Cyclone Marcia

Well, that was one hairy experience.

On 20th February 2015, Central Queensland was hit by a Category 5 cyclone – Severe Tropical Cyclone Marcia. I had never been through a cyclone before so I was curious yet really nervous at the same time. When it was first announced, it was originally just a tropical low. Within 72 hours, that went to Category 5.

From what I remember watching coverage of previous cyclones, I knew I had to prepare early before everyone rushed in to do their last-minute preparations. When I did my cyclone preparation, Marcia was only predicted to be a Category 2. That was the Wednesday before landfall. Even then, by the time I went to the shop the following items were starting to be sold out at the local Woolworths:

  • Milk
  • Bottled Water
  • Bread
  • Canned Food

Fortunately for me I was lucky to get 4 cans of baked beans, two 2L bottles of water, one pack of UHT milk and 1 pack of bread. I thought that would do me expecting power to be out 1 to 2 days. How wrong was I?!

As soon as I got home from work the day after, I read the news that the cyclone had been upgraded to a Category 5. That’s when I began to get worried – is my house ready for a cyclone? Have I got enough supplies? I knew at this point it was too late for me to go to the shop and get supplies. The shops would be already packed with panicking residents and stock would have been depleted.  So I did the next best thing – charged up all my devices and prepared for possibly 2 or 3 days without power. I also got word that work would be closed – more on that in a different post.

The night before Marcia made landfall I barely got any sleep. The sound of the gusts kept me awake, and landfall was predicted at 9am! After a few hours of decent sleep, I woke up to an unsettling calm. The air was still and you knew something big was coming up. I double checked my radio’s batteries and tuned in to ABC Capricornia 837AM.  I also had the TV tuned in to Channel Nine’s Today Show. The majority of the morning was spent on tracking the cyclone on various media.

At around 11am, the gusts started to pick up. The power initially flickered, but managed to stay on for an extra few minutes – then the power went off again. This was bunker down time. At this point, Cyclone Marcia was downgraded to a Category 3 as it crossed Rockhampton. It’s common knowledge in these parts that when a cyclone hits, the strongest part of the house is the bathroom. I packed all my valuables, brought my radio, torch and camping chair and sat in the bathroom. I had my PlayStation Vita and Nintendo 3DS to eat the time away.

In a cyclone, while the wind and rain are constant it’s the gusts that you have to worry about. There will be a period of very strong wind, and then a slight calm, and the gust returns. I was curious on what this looked like, and I gained confidence that the unit I was living in was strong enough to withstand Category 3 winds. I moved my camping chair to my home office. I got set up, opened the blinds, sat and watched Mother Nature at work.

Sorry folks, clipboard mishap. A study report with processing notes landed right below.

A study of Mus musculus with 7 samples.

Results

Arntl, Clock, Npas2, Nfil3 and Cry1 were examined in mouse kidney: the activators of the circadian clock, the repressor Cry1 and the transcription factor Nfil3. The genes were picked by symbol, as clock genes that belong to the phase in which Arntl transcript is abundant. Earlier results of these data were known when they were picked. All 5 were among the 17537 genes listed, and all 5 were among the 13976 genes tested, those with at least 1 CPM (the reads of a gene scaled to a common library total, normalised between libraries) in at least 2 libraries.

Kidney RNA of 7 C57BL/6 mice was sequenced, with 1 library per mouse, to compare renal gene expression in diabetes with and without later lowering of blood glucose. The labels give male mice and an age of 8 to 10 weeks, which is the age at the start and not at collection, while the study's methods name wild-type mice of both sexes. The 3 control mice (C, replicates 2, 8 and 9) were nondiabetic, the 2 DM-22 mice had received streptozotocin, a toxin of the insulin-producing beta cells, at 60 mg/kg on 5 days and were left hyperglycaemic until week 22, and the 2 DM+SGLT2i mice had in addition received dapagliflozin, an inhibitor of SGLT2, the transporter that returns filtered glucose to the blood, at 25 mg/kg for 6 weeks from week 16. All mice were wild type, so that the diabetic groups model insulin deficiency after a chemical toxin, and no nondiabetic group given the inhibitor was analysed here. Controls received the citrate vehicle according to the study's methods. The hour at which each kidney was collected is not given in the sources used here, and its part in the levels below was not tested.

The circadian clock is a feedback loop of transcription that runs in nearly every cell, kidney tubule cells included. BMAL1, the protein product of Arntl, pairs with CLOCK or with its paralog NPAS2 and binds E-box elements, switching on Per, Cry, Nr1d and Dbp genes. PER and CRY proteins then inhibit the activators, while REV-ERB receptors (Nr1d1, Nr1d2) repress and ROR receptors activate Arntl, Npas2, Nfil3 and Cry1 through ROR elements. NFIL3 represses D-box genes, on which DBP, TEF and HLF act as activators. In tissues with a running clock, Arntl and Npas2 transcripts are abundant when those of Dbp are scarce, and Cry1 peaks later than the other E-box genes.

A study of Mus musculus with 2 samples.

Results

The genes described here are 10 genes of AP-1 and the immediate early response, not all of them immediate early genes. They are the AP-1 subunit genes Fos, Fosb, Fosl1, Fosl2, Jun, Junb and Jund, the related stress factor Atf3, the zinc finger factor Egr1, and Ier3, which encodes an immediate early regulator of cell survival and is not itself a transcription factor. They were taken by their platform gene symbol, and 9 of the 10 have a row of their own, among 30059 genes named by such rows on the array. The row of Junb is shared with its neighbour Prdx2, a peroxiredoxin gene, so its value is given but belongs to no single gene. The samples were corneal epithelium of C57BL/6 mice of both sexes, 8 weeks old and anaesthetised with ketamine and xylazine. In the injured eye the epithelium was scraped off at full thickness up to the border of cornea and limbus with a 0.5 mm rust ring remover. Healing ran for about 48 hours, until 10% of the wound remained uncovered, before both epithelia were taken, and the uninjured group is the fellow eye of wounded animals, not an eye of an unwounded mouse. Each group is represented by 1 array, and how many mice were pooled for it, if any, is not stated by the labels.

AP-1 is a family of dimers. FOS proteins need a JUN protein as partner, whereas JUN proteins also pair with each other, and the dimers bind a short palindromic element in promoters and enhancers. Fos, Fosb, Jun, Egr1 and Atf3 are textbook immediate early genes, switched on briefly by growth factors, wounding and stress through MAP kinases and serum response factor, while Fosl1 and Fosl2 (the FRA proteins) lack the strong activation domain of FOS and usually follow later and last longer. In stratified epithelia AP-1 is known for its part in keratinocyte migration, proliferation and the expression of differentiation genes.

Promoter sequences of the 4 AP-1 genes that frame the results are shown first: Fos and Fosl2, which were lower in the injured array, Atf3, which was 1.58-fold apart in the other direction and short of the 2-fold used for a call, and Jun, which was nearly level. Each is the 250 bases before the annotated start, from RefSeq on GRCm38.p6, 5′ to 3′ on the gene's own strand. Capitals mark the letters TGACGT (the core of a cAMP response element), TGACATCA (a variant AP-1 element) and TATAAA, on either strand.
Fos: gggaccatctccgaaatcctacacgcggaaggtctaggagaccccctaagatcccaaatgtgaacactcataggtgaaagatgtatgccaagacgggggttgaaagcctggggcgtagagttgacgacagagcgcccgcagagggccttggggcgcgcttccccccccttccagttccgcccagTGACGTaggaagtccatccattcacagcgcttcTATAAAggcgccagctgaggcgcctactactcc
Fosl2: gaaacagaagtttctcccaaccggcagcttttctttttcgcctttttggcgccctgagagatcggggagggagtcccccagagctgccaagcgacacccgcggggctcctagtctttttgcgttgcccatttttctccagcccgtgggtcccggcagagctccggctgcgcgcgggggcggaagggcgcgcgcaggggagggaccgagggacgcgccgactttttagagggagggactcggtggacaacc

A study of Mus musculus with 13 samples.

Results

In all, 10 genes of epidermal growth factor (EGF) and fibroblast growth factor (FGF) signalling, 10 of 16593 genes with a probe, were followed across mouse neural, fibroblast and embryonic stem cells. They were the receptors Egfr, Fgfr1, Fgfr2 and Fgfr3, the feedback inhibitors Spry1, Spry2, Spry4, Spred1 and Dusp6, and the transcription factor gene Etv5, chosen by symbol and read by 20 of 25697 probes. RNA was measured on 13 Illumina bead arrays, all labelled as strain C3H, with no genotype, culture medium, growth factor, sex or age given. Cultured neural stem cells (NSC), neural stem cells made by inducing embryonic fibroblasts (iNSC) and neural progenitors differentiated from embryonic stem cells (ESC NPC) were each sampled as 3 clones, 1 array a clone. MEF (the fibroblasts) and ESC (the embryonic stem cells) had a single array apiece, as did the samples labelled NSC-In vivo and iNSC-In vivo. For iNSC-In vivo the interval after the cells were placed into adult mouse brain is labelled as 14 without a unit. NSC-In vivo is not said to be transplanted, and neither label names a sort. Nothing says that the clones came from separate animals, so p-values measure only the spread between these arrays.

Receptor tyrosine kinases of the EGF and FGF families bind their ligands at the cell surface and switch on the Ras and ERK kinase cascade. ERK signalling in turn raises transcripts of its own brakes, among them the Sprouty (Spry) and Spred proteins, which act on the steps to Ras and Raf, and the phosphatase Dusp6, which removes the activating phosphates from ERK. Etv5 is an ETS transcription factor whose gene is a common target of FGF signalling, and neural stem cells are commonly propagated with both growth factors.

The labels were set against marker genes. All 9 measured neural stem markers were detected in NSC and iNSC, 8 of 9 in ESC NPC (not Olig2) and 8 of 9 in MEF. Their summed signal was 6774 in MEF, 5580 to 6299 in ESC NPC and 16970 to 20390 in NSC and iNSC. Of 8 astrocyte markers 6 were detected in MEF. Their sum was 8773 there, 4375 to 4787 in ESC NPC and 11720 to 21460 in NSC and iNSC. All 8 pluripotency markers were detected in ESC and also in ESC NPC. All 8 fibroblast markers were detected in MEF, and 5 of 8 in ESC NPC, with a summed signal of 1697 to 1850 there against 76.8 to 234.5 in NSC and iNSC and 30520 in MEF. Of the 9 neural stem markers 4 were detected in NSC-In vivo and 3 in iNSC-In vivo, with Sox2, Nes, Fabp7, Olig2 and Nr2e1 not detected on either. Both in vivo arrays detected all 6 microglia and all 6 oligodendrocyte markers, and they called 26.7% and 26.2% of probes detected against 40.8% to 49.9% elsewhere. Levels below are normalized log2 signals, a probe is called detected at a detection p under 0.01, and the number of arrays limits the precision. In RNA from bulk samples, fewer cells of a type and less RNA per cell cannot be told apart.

This continued on till when the eye of the storm passed.  Knowing the winds could return any time in the opposite direction, I waited patiently. My phone coverage had returned so I spent the time calling family and friends to tell them I was alright. I was also starting to get sleepy because of the night before so I decided I would take a nap. This was 2pm.

When I woke up, I checked my phone and it was 4pm. I got a text message from a colleague saying the cyclone was over. The calm returned. I headed outside. There were trees everywhere. I wasn’t sure about the damage in my township, or about any damage in Rockhampton itself. I also noticed phone coverage has significantly weakened – the cyclone knocked out cell phone service.  The air was also very humid as the cyclone sucked out all the air.


I was thankful that I was safe and I went back in the house. With no power, I tried to find more ways to pass time. I did eventually fall to sleep again despite the humidity and lack of power. The next day, a surprise happened. It was sunny. I took this opportunity to have a walk in my township. Trees everywhere, but fortunately no power lines down in my area. I called my parents again letting them know I was safe. While looking at the damage, I had tears in my eyes. This was the first major cyclone I had been in and I was so grateful to have survived the storm.

By midday I got sick of eating canned food. I took a risk and headed in to town that Saturday afternoon. Firstly, there was no power at the intersection between the entrance to my township and the Capricorn Highway. Down the road, the amount of rain flooded the lagoons – the water almost spilled over on to the Capricorn Highway. Driving in to Rockhampton, the full extent of the damage was realised. The main casualty was trees – and heaps of them were down. Traffic lights were still off and road sign debris everywhere.  Then you hit the CBD and there was power! There were long queues for petrol at the only petrol station with power, and at Hungry Jacks and McDonalds. There also was a working ATM which I used to get out emergency funds. I also got myself a pizza as Pizza Hut was open. Finally, no more baked beans!

Power was not restored to my house until Wednesday so that would have been 5 days and 6 nights without power. During that time I still had to go to work, and it was very taxing emotionally. Once power was restored however, I had a sense that normality has returned. I was able to catch up on the media coverage of Cyclone Marcia.

Video credit to Australian TV Fan on YouTube.

Thank you to the Ergon Energy crew for the hard work they had put in to restore power in such a small timeframe. Many thanks to the Defence Forces and other organisations helping Central Queensland get back on its feet.

This will be a story I will never forget.